On Monday afternoon, the Nashville Predators signed the AHL’s reigning regular-season MVP, forward Daniel Carr, to a one-year contract.
When initially reported, this was anticipated to be a depth move aimed at helping the Milwaukee Admirals. But Carr signed a one-way contract, essentially cementing a roster spot for him in Nashville. The 27-year-old played most of last season with the Chicago Wolves of the AHL and gave the Milwaukee Admirals fits, scoring 10 goals and 14 points in eight games against them—including a four-goal performance on November 7th. Read further for a complete breakdown on Daniel Carr’s game.
By The Numbers
After a four-year NCAA career with Union College, Carr signed as a free agent with Montreal in April of 2014. He spent the next four seasons in the Canadiens’ organization, playing 94 regular season games in the NHL and recording 14 goals and 34 points.
In that time, he turned into a premier AHL player, scoring 90 points in 139 games including three near-point-per-game seasons from 2015 to 2018. Last summer, Carr signed a one-year deal with the Vegas Golden Knights and became, arguably, the best player in the American Hockey League in 2018-19.
He was awarded the Les Cunningham trophy as the league’s most valuable player, finished third in league scoring with 71 points and eighth in goals with 30, and topped the AHL in points-per-game (among skaters with 30+ appearances) with 1.37. He was an integral part of the Wolves’ trip to the AHL Finals where they lost to the Charlotte Checkers.
Carr’s possession numbers last season entirely back-up his counting stats. He finished the season with a 79.4% goals-for rate, outscoring opponents more than four to one per 60 minutes when on the ice (best in the AHL). Carr recorded a 33.4% goals-for rate relative to his teammates, meaning the Wolves were a third less successful at scoring when he was on the bench as opposed to on the ice.
There was a question about whether Carr would return to the NHL full-time in 2019-20, and General Manager David Poile made clear that is the intention in his press conference regarding the signing.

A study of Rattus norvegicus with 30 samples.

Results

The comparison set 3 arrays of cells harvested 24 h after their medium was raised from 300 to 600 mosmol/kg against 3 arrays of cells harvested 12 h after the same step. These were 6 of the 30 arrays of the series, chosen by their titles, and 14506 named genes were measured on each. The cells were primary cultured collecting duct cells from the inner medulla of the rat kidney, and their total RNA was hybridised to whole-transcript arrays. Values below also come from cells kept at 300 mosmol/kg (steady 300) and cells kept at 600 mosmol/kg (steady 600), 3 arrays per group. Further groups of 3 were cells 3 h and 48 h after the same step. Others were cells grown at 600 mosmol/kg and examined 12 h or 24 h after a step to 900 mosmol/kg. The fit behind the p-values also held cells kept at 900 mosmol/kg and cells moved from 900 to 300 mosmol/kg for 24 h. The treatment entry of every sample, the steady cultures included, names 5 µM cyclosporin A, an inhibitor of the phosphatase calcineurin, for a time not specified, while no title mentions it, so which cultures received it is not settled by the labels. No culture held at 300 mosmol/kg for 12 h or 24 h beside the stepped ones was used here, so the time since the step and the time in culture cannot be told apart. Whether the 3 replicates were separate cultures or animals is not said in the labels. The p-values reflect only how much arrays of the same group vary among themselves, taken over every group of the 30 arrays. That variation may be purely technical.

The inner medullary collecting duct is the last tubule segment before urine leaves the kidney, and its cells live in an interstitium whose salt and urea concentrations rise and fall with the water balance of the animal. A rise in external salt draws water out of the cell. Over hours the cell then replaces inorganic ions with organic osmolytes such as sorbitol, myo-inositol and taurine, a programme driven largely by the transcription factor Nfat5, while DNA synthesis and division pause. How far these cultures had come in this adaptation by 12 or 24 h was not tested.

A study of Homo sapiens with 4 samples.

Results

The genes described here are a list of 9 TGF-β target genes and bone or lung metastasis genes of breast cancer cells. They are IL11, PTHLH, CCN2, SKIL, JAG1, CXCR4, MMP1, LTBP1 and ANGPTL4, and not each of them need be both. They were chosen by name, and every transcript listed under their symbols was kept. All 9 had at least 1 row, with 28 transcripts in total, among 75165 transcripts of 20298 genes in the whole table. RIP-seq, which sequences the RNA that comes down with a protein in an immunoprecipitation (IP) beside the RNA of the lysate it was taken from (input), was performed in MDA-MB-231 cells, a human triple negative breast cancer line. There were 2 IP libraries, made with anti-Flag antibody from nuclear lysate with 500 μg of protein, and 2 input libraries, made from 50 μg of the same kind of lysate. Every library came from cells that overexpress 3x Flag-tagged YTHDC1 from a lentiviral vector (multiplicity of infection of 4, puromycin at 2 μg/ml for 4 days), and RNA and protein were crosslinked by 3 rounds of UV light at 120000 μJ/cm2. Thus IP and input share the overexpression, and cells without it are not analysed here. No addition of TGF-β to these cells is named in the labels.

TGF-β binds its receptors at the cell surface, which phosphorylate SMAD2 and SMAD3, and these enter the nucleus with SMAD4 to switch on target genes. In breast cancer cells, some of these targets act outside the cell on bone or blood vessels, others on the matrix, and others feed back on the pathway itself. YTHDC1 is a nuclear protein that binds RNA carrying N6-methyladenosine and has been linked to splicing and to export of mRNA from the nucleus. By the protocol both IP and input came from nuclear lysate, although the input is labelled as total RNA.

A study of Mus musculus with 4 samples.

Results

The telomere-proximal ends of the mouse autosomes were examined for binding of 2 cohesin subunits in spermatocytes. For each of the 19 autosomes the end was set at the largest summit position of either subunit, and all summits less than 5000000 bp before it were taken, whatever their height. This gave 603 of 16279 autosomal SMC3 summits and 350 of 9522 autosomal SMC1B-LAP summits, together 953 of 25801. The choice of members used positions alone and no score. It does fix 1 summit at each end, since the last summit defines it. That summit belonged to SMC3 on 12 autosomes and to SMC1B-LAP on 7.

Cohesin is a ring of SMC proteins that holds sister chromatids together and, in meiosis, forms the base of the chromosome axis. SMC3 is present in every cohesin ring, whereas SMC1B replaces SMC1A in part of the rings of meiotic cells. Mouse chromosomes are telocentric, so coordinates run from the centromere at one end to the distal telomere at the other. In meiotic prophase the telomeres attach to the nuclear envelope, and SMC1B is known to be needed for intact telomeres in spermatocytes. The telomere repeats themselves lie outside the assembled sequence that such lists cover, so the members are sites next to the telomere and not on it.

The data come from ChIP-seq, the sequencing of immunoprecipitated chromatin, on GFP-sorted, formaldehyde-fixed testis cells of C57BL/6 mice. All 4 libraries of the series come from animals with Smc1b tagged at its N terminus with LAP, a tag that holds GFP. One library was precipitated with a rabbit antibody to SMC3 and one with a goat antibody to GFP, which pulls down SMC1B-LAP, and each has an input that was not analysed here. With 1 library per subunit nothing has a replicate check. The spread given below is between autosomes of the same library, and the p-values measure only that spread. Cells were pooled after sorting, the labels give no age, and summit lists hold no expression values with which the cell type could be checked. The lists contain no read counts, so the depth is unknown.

His skills best assist him around the net, and, as you can see above, he has provided an impressive bump in even-strength offense in his 100 games of NHL experience. Although he isn’t the greatest skater, he has a good track record of drawing penalties, too.
The Scouting Tape
Carr isn’t the type of forward that will often score coming down off the rush; I don’t think his pace is good enough for that in the NHL.
But he’s a tenacious player in nearly all areas of the offensive zone. In the clip above he helps win a puck battle along the boards and then finds his way to the net for an impressive tip-in. Many of his 30 goals last season were scored in similar fashion.
You can see above that Carr’s stride doesn’t afford him a ton of acceleration. But he has an nice wrist shot that he utilizes well on odd-man rushes and when he finds space in the low slot area.
Speaking of space, Carr is effective at finding it below the face-off dots and in the slot. He’s also often playing with a very active stick and has developed good puck protection habits with it in tight situations. He’s often found not too far from the crease creating time or space for a teammate, like in the clip above, or for himself, like in the clip below.
I think Carr grades out as a top-12 forward on this roster and likely a tad better than Rocco Grimaldi, but, if not, fairly even.
Carr has signed a one-year, one-way contract with a $700K cap hit at the NHL level.
Upon expiry, he will be an unrestricted free agent.
All statistics are courtesy of eliteprospects.com; all contract information is courtesy of capfriendly.com.